Optical fibre: a bright future
Optical fibre plays a leading role in the future of Germany’s broadband coverage. It is also instrumental in the expansion of the networks provided by Tele Columbus AG and its PΫUR brand. What makes this tool for the high-performance data communication of tomorrow so special? The data transmission capabilities of a single optical fibre could handle all of Germany’s data traffic. Yet few are aware of the energy-related implications of switching from copper cables to optical fibres. The first thing that comes to mind when considering the elements that consume power in a large-scale cable distribution network are the headends: the regional facilities for receiving and processing TV, telephone and internet signals. What people often neglect, however, are the grey boxes at street level that distribute those very signals to homes and businesses.
An electrical impulse being transmitted by a copper cable grows weaker as it makes its way to the recipient. In a cable network, such impulses are modulated at a high frequency. Rather than electrical resistance measured in ohms, transmission and modulation involve signal attenuation measured in decibels. That attenuation grows stronger as the transmitted frequencies increase. As the name broadband cable indicates, our cable network can be used to transmit a wide range of different frequencies from 5 MHz all the way up to 1218 MHz, depending on how the system is designed. This leads to a successive weakening of the signal level, necessitating those familiar grey boxes as a way of enhancing the signal so that the customers connected to the network can enjoy a flawless picture and a stable internet connection at all times.
Electrical repeaters account for 60% of a network’s power consumption
A look at the electricity consumption of all the components reveals that the over 10,000 repeaters in a broadband cable network – rather than the large-scale technical installations – are responsible for the lion’s share of the energy consumed. According to an energy audit, these repeaters account for nearly 60% of a network’s power consumption.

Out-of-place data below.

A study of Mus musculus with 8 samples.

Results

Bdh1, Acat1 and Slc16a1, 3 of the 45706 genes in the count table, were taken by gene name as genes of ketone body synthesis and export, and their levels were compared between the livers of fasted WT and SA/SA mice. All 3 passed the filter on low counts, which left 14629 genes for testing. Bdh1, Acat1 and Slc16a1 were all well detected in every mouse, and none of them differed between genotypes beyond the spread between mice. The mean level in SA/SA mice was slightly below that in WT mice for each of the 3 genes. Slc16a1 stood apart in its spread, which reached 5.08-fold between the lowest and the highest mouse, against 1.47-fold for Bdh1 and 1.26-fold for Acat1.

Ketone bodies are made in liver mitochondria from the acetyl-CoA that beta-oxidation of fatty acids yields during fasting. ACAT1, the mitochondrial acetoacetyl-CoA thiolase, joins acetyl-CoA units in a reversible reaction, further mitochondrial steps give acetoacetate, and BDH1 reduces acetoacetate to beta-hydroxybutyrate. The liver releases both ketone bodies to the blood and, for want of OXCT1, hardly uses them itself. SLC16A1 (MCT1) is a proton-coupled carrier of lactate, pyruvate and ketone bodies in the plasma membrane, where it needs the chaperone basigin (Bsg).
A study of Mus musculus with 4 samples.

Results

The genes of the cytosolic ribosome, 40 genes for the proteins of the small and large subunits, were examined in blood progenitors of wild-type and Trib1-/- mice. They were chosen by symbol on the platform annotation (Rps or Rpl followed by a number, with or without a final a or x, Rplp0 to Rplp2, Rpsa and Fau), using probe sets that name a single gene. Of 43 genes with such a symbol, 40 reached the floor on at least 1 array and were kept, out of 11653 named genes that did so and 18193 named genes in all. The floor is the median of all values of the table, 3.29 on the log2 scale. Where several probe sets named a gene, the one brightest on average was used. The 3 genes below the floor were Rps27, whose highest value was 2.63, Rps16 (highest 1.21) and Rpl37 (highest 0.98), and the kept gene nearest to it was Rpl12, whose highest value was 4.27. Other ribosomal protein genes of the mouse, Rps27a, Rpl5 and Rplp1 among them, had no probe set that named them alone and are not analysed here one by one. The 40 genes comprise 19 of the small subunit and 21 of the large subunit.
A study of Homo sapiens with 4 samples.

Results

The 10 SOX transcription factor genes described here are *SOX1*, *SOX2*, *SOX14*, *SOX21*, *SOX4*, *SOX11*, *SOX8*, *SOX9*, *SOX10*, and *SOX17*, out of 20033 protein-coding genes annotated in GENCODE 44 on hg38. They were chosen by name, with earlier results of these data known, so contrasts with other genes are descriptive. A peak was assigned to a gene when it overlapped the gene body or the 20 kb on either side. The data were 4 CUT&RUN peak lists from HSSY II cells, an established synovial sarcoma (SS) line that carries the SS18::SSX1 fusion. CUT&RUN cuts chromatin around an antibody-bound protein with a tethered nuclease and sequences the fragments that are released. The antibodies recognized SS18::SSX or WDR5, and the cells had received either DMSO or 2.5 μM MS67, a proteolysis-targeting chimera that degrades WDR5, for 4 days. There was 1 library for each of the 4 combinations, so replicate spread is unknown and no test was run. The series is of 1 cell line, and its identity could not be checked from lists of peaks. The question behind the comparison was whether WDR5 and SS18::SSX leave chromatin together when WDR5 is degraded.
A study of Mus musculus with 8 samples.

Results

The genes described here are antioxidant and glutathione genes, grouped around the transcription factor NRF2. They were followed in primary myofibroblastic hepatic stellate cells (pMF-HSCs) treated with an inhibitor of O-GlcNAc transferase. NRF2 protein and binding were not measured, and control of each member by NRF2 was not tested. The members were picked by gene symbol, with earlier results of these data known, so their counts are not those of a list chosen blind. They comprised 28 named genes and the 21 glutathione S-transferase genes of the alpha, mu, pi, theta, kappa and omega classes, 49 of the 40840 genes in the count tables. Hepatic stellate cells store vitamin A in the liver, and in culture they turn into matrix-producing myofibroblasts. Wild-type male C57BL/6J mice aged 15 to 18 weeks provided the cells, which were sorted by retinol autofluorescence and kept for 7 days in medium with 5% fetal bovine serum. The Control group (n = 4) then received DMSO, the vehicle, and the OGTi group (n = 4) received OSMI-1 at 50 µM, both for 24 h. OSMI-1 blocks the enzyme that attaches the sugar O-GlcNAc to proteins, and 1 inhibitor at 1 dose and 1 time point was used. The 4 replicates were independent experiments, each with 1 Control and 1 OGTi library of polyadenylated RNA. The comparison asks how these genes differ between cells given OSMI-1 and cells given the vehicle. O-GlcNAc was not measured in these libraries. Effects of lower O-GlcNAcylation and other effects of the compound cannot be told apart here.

Optical fibre makes it possible to transmit signals optically using light. Wide area networks, or WANs, transmit data through optical fibres over distances of several hundred kilometres. Tele Columbus mainly operates typical distribution networks, where the signal travels a relatively short distance from the headend to the connected homes and businesses. Electrical amplification is usually not necessary. For mechanical reasons, optical fibre is laid in long and winding patterns that often navigate curves, necessitating the occasional use of electrical corrective equipment on particularly lengthy stretches of cable. Such equipment monitors and corrects deviations in the colour of the light that could otherwise spell problems for the recipient.
Remarkably, there have been few scientific studies on the energy savings attributable to optical fibre. However, Professor Stephan Breide of Germany’s South Westphalia University of Applied Sciences has concluded that GPON-standard optical fibre networks are particularly energy-efficient.
Conversion to FTTB cuts power consumption in half in cities
While modernising a subnetwork in Berlin’s Charlottenburg borough, Tele Columbus examined the impact of switching from copper-based coaxial cable to an FTTB connection that brings the optical fibre straight into homes and businesses. The subnetwork studied provides 2,300 residential units with internet, telephone and TV services. Eighty-one properties were connected using optical fibre. The distance between the headend and the buildings being supplied was 6,258 metres. Although the traditional copper coax technology required five electrical repeaters, the new network no longer needs the previous five repeaters, amplifiers and outdoor electrical enclosures. It also makes do without six nodes that likewise consumed power. The 81 in-building repeaters were replaced with 81 optical fibre distribution points. Following conversion, power consumption fell from 1,415 watts to 713.8 watts, essentially cutting the amount of electricity consumed by the network in half.
These savings continue to grow thanks to the many new and converted networks that use optical fibre. As a result, national and state-level policies that promote the expansion of optical fibre make sense from both a technical and environmental perspective.